Cycling world mourns death of Olympian Olivia Podmore

The 24-year-old died suddenly sparking an outpouring of tributes

Olivia Podmore at the New Zealand National Track Championships in 2017
(Image credit: Dianne Manson/Getty Images)

The cycling world is mourning the death of Olympic track cyclist Olivia Podmore.

Podmore, who represented New Zealand at the 2016 Rio Olympics, died suddenly on Monday (August 9), sparking a huge outpouring of tributes to the 24-year-old.

News of Podmore’s death was confirmed on social media by national governing body Cycling New Zealand.

The organisation said: “We at Cycling New Zealand are deeply saddened by the sudden loss of our young cyclist Olivia Podmore.

“Olivia was a much loved and respected rider in our Cycling New Zealand squad and the wider cycling community.

“Many people are understandably devastated and training so hard to comprehend what has happened. 

“We have been and will continue to provide support to our staff and riders, the cycling community and those that were close to Olivia.”

Cycling New Zealand also shared contact details to Lifeline, a suicide prevention charity. 

The New Zealand Olympic Committee also shared a tribute to Podmore, saying “she was a valued team member and her loss will be felt across the New Zealand sporting community.”

Podmore, born in Christchurch, New Zealand, had been a medallist in the Junior Track World Championships and competed in the Rio Olympics as a sprinter.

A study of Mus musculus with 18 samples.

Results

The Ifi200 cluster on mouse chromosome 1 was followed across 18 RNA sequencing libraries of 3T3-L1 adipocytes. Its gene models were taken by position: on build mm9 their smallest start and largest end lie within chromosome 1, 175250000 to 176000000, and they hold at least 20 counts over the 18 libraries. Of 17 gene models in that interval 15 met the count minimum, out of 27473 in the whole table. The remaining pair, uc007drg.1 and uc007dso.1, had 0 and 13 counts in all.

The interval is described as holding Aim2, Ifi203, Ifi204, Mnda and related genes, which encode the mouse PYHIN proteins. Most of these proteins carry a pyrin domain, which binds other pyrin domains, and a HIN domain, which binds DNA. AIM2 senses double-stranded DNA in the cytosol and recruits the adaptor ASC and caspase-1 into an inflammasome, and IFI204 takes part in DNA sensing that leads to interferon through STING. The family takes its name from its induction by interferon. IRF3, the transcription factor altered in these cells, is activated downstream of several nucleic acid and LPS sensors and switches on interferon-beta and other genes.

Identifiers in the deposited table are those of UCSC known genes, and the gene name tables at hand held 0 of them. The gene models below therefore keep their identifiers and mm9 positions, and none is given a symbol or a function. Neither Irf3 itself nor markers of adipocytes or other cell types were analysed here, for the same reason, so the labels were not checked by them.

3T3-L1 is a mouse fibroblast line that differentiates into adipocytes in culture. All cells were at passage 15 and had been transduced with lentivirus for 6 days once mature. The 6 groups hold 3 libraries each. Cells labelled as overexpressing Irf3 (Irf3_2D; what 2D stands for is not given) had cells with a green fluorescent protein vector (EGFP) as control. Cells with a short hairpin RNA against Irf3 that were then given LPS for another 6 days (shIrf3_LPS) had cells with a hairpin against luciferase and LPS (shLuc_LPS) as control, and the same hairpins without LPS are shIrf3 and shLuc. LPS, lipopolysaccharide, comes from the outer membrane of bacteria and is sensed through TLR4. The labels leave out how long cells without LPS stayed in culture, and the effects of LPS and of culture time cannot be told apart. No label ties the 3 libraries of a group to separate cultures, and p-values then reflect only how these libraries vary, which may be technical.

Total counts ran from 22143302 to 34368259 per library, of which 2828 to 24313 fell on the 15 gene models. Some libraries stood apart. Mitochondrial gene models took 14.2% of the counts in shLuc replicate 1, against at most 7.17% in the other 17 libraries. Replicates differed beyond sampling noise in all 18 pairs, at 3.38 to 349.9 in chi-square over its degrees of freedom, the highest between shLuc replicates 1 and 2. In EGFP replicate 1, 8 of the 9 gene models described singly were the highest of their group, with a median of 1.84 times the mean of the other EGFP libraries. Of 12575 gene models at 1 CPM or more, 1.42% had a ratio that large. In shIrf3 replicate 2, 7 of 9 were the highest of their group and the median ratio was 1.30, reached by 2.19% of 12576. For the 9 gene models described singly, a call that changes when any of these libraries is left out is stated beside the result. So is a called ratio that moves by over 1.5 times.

She finished 23rd in the women’s sprint in Brazil, ninth in the team sprint and 25th in the Keirin. 

In 2017 she became the New Zealand Keirin champion and competed for her country in the 2018 Commonwealth Games in Australia.

She had also reached the qualification criteria for the Tokyo 2020 Olympics but was not selected by the New Zealand Olympic Committee. 

Podmore’s New Zealand team-mate and double Olympian Natasha Hansen said in a Facebook post: “We have been through many ups and downs together and shared in so many highs and lows.

“The last couple of years have been so great to reconnect on a deeper level but I am devastated that this has come to such a sudden end. I cannot fathom the pain your family and closest friends must be feeling right now, but I hope they are comforted by the fact that you are loved by so many and have touched so many hearts. They are in all our thoughts and prayers. Your beauty will be forever remembered... Rest peacefully gorgeous girl.”  

Most people who are thinking of taking their own life have shown warning signs beforehand.

These can include becoming depressed, showing sudden changes in behaviour, talking about wanting to die and feelings of hopelessness. These feelings do improve and can be treated.

If you are concerned about someone, or need help yourself, please contact the Samaritans on 116 123.